As we enter the holiday season, the attitude at school changes.
The excitement grows.
There is anticipation in the air.
Kids are always a little bit antsy. A little bit extra squirrely while we teachers try to make them continue to work and learn.
Why do the holidays bring out such a change in children?
Because the holidays are, unfortunately, not the season of satisfaction, but the season of want, of unmatched desire. Children everywhere are making their lists, not of things they will give, but things they are hoping to receive.
We are taught from a young age to buy, to consume, to want constantly, to never be satisfied.
And with this feverish desire to consume hovering in the air, it reminds me of yet another lesson I hope children can learn (and I can remember) in the art room.
Creating Is a Lost Art
As children, we were trained from the youngest of ages to want. And we were taught satisfaction came with receiving what we want.
As adults, we have had a difficult, if not impossible, time unlearning this. We fill every last space in our homes with things we want.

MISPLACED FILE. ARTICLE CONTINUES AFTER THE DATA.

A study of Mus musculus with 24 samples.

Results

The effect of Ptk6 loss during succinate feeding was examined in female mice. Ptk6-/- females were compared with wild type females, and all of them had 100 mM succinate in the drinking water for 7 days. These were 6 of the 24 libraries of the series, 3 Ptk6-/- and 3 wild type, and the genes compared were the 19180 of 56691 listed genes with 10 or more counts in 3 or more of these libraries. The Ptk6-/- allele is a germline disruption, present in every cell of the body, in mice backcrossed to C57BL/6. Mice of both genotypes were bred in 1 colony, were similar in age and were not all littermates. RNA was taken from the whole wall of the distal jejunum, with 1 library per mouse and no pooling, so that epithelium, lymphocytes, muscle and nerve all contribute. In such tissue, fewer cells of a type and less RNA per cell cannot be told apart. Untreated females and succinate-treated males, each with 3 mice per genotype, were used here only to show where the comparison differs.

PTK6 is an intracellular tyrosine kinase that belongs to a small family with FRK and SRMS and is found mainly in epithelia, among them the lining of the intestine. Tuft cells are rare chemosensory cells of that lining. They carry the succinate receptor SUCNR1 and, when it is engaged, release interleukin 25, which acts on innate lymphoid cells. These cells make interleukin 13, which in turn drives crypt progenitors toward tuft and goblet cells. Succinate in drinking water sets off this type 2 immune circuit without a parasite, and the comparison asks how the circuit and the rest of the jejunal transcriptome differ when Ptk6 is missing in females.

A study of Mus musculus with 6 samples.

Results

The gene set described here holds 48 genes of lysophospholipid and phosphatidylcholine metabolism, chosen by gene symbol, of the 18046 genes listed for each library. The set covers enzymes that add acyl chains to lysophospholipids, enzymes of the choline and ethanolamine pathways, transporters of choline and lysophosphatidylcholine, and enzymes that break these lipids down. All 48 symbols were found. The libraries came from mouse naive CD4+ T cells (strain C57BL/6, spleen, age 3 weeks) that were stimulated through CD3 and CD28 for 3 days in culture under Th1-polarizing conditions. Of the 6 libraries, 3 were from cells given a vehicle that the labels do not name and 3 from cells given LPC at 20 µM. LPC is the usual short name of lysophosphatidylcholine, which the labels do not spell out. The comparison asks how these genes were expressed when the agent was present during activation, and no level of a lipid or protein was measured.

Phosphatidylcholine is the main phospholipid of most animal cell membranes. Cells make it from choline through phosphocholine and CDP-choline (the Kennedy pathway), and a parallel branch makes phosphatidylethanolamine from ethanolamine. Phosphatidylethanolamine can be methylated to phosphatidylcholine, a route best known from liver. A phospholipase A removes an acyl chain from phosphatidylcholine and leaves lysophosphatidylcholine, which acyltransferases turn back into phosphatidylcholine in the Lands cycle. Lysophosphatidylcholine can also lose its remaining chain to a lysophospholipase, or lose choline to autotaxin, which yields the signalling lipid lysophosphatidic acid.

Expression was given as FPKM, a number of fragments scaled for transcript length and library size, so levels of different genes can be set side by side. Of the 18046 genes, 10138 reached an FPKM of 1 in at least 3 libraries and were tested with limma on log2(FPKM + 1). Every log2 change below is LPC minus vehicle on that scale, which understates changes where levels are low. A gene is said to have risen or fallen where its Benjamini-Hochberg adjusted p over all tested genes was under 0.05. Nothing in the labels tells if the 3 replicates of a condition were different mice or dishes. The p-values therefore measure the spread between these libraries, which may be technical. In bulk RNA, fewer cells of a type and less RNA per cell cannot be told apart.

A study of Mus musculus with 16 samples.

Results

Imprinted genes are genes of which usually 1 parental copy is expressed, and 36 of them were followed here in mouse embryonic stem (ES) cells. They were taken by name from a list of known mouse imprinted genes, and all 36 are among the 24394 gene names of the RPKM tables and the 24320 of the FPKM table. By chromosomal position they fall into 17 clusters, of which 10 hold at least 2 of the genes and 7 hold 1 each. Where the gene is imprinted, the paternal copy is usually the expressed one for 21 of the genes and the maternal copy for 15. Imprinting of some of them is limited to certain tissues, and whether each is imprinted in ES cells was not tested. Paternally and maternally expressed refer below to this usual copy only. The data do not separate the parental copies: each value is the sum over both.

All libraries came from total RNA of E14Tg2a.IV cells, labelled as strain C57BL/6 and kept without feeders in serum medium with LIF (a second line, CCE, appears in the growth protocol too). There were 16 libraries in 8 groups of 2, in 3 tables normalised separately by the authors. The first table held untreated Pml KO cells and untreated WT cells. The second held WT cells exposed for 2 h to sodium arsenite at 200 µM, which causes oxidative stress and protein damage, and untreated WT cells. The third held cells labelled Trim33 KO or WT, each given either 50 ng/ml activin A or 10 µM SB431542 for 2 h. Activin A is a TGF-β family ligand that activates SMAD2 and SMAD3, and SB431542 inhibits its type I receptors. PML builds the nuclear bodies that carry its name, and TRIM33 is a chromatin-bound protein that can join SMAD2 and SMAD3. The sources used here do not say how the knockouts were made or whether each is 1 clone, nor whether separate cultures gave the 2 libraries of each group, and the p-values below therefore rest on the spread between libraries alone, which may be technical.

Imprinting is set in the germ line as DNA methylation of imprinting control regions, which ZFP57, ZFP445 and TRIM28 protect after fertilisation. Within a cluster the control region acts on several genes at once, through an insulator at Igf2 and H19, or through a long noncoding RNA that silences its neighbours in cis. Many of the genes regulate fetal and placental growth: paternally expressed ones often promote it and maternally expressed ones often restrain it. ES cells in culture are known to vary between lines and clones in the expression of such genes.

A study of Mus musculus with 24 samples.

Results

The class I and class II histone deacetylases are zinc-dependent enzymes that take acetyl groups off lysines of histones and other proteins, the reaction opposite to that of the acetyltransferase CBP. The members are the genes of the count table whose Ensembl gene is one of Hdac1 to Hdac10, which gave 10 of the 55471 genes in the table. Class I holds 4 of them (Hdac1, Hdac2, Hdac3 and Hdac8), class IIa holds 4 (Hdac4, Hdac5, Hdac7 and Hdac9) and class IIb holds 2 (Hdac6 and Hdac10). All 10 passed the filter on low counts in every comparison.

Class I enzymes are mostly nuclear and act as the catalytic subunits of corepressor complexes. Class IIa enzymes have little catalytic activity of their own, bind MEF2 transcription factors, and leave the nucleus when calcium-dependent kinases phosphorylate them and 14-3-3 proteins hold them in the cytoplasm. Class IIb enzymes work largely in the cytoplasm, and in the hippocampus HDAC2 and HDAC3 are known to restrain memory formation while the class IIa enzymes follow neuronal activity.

But, often, as soon as we have something, it is no longer as valuable to us. So we keep chasing after something else.
In our modern world, no one really needs to create anything.
We don’t need to create our own food or clothing.
We don’t need to create beautiful words or pictures or stories.
We don’t need to create worship.
Someone else can do all of these things for us in our highly specialized society. We are well-practiced in taking, taking, taking, but hardly ever making.
Creating is a lost art.
Creating Makes You Generous
What brings me so much joy about teaching little hands to draw and little minds to think in colors and textures is that it is all an exercise in creating, an activity that seems downright unusual in a world obsessed with consuming.